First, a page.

7.1 magnitude earthquake hits Southern California, marks second in two days

(Aileen Nguyen/Graphics editor)

A 7.1 magnitude earthquake struck Southern California on Friday around 8:19 p.m., according to the U.S. Geological Survey.

The earthquake comes on the heels of a 6.4 magnitude earthquake Thursday, which seismologist Lucy Jones identified in a tweet as a foreshock to Friday’s quake.

Long Beach, California, experienced power outages, downed wires, traffic signal failures and transformer fires due to Friday’s earthquake, according to a tweet from the Long Beach Fire Department.

The Ventura County Fire Department also reported in a tweet that Fillmore, California, experienced a power outage and some docks in the Channel Islands Harbor were dislodged.

The Los Angeles Fire Department reported no major damage to infrastructure and no serious injuries or deaths that could be attributed to Friday’s earthquake, according to a tweet from the Los Angeles City Emergency Management Department.

The Thursday earthquake struck at 10:33 a.m. about 7.5 miles southwest of Searles Valley, California, and about 122 miles north of Los Angeles, according to the USGS. Ridgecrest, California, experienced several emergency situations that arose due to the earthquake and shaking was felt as far as Los Angeles, Las Vegas and San Diego.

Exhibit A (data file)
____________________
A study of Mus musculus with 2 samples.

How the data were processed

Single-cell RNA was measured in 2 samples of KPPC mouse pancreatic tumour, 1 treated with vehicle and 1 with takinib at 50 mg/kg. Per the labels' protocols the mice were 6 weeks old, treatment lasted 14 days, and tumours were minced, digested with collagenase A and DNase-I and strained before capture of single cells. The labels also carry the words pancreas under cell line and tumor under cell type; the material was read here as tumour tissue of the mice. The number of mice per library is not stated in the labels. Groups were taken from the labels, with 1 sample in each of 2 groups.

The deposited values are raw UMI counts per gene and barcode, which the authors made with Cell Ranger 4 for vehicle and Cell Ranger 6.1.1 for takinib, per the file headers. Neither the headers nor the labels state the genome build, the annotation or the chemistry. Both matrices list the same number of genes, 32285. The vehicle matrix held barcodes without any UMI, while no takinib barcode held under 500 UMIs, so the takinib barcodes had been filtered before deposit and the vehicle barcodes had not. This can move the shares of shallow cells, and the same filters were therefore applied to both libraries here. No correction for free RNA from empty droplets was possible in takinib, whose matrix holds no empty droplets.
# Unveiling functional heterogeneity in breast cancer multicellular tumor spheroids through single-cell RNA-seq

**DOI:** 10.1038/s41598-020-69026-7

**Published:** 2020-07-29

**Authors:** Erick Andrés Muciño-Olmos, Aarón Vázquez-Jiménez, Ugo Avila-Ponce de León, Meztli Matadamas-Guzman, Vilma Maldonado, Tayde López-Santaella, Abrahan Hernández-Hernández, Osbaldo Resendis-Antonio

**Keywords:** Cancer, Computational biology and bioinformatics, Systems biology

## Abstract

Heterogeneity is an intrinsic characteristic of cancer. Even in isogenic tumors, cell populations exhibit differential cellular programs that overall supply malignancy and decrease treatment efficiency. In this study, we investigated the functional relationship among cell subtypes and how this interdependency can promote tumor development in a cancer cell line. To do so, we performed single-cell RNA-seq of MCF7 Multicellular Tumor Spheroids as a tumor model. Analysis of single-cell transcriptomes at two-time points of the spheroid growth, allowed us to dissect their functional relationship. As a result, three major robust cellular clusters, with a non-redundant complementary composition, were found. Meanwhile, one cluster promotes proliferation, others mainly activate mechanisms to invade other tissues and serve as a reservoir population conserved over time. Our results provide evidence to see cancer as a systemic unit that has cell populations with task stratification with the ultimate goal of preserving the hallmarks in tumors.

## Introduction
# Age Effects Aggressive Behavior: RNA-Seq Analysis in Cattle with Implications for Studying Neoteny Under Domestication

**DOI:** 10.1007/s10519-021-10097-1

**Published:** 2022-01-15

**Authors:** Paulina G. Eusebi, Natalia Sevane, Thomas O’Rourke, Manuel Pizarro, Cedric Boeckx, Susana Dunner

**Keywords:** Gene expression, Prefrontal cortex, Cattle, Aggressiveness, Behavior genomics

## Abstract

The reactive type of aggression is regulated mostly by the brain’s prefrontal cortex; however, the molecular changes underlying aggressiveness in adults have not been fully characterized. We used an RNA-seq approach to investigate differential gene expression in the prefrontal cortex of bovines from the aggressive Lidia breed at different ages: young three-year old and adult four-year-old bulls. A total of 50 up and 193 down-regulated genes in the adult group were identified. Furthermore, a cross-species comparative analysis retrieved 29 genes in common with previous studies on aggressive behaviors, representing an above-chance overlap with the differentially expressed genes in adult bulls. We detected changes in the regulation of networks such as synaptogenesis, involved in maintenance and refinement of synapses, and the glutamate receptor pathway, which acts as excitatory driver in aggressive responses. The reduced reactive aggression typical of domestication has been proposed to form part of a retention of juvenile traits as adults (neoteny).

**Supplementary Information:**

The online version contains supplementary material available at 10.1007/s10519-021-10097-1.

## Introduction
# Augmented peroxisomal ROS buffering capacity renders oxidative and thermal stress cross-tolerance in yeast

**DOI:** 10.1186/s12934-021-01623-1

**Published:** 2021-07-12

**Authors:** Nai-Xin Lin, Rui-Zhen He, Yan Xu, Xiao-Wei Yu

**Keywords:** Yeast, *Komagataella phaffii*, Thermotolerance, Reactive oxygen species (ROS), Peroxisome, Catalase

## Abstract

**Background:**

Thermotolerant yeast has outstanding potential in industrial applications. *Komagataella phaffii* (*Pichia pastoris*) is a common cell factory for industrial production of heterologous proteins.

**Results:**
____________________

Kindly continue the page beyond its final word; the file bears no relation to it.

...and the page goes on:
Jonathan Stewart, a civil and environmental engineering professor at The Henry Samueli School of Engineering and Applied Science, said he was in Ridgecrest at the time of the Friday earthquake. Stewart said he was leading a Geotechnical Extreme Events Reconnaissance team, which was collecting data related to the earthquakes.

“We had just left our hotel room and were standing in the parking lot to go get dinner, and we got a heck of a ride,” Stewart said.

Stewart said an earthquake with an epicenter in a location such as Ridgecrest is unlikely to affect Los Angeles or its residents in any substantial way. However, he said the probability of an earthquake of a similar magnitude striking near Los Angeles is high.

“When we look over a timeline of several decades, we find that an earthquake in the mid-six to low-seven magnitude range that strikes near Los Angeles is pretty likely, especially with all the faults that we have,” Stewart said. “There’s also a high probability of a much bigger earthquake striking the San Andreas fault east of LA, which would really impact us.”